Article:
Professor Richard Wolff: Jubilee, Denial and Beyond


by Richard Wolff.
PUBLISHED ON MARCH 9, 2015


Thousands of years ago, various religions developed an idea some called “jubilee.” It entailed the acts of canceling or reversing income and/or wealth inequalities (especially of land holdings and debts) that had developed in their societies. Often, jubilees were stipulated to occur periodically every 49 years, more or less. The point was not to change the socio-economic system; it was rather to redistribute property and then restart the same system again as a way to preserve it. Variations of the jubilee idea have survived and occasionally surfaced into public discourse ever since.

The idea of jubilee was based on recognizing two tendencies in those societies and how they could threaten social cohesion. The first tendency emerged from their economic systems (their modes of producing and distributing wealth). It was movement toward ever-greater inequality of wealth and income until political authorities intervened to stop, slow or reverse that movement. The second tendency entailed beneficiaries of inequality using their wealth to prevent the political authorities from intervening in those ways. When both tendencies prevailed, the resulting extreme inequalities eventually brought the economy and society to crisis. Jubilee, it was thought, was the ultimate mechanism – the last political resort that was also sanctified by religion - that could forestall crisis by canceling or reversing such extremes.

Pre-capitalist economies based on individual farmers or slaves or feudal serfs often contained their tendencies toward inequality for centuries. Eventually, however, the beneficiaries of rising inequality blocked political authorities from mitigating inequalities. As the latter then worsened, the question was whether jubilee would re-emerge as the last-resort solution. When jubilee was forgotten, ignored, or repressed, such societies’ economies descended into extreme inequalities of wealth and income. Crises followed that could and sometimes did dissolve social cohesion and provoke revolutionary transitions to differently structured societies and economies.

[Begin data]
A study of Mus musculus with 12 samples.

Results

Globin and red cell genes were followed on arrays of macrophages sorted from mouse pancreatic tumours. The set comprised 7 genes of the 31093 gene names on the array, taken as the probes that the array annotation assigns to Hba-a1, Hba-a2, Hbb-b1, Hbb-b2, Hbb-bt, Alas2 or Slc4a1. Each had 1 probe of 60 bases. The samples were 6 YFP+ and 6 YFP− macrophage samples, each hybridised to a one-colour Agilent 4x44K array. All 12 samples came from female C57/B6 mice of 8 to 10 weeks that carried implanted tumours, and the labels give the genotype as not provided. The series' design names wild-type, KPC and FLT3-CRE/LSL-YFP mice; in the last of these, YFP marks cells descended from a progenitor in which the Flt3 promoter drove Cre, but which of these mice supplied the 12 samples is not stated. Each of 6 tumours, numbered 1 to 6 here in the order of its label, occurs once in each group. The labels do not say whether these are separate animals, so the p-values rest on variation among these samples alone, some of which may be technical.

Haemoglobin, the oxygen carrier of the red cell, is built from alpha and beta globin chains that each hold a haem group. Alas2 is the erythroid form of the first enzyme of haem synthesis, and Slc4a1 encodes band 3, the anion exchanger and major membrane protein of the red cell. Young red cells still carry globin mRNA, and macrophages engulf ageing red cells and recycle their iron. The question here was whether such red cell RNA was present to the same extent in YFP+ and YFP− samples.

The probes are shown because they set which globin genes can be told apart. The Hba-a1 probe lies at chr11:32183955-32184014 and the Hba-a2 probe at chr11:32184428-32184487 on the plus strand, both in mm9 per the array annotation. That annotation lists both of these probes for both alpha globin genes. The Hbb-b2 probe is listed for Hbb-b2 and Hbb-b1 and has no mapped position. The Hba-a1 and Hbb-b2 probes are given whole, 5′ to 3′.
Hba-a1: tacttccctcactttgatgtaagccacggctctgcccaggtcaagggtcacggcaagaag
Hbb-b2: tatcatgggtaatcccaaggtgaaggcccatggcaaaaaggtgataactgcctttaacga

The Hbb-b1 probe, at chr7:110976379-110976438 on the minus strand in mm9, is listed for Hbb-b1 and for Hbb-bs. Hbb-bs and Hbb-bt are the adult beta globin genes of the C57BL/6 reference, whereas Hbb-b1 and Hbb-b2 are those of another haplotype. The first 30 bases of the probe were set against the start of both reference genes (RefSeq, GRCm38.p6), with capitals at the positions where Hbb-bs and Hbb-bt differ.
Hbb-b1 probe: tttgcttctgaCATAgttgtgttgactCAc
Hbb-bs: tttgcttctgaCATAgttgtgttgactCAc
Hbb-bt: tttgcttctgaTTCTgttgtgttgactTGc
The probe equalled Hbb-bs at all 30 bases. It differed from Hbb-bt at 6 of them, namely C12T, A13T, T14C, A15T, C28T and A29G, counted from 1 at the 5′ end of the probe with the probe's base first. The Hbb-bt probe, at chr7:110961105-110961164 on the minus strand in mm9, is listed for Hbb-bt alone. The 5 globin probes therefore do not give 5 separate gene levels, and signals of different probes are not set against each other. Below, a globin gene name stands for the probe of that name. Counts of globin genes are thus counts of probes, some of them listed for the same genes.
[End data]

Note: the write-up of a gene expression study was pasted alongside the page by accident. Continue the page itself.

Capitalism is no different. In the US, for example, economic inequality is reaching extremes not seen since the end of the 19th century. The reversal of inequality provoked by the Great Depression proved temporary. Even the crisis since 2007, the worst since the 1930s, has not deflected the US from its descent into extreme inequalities (as illustrated by the following chart from Too Much):



As Thomas Piketty’s and Emanuel Saez’s works have shown empirically, capitalism displays powerful, enduring tendencies toward ever greater inequalities. When these have approached extremes in the past, crises emerged that sometimes provoked reverse tendencies from political authorities. Considerations of jubilee were avoided. For example, income and wealth redistributions occurred during the Great Depression of the 1930s and/or after World War 2 with labels like the New Deal or Social Democracy. Yet they were soon slowed and then mostly stopped. .................(more)

The complete piece is at: http://rdwolff.com/content/jubilee-denial-and-beyond



marmar Mar 2015 OP
NaturalHigh Mar 2015 #1
Corruption Inc Mar 2015 #2

Response to marmar (Original post)

Mon Mar 9, 2015, 07:14 PM

1. Jubilee was an important part of Old Testament society.

I'll have to read up on it in the Scriptures.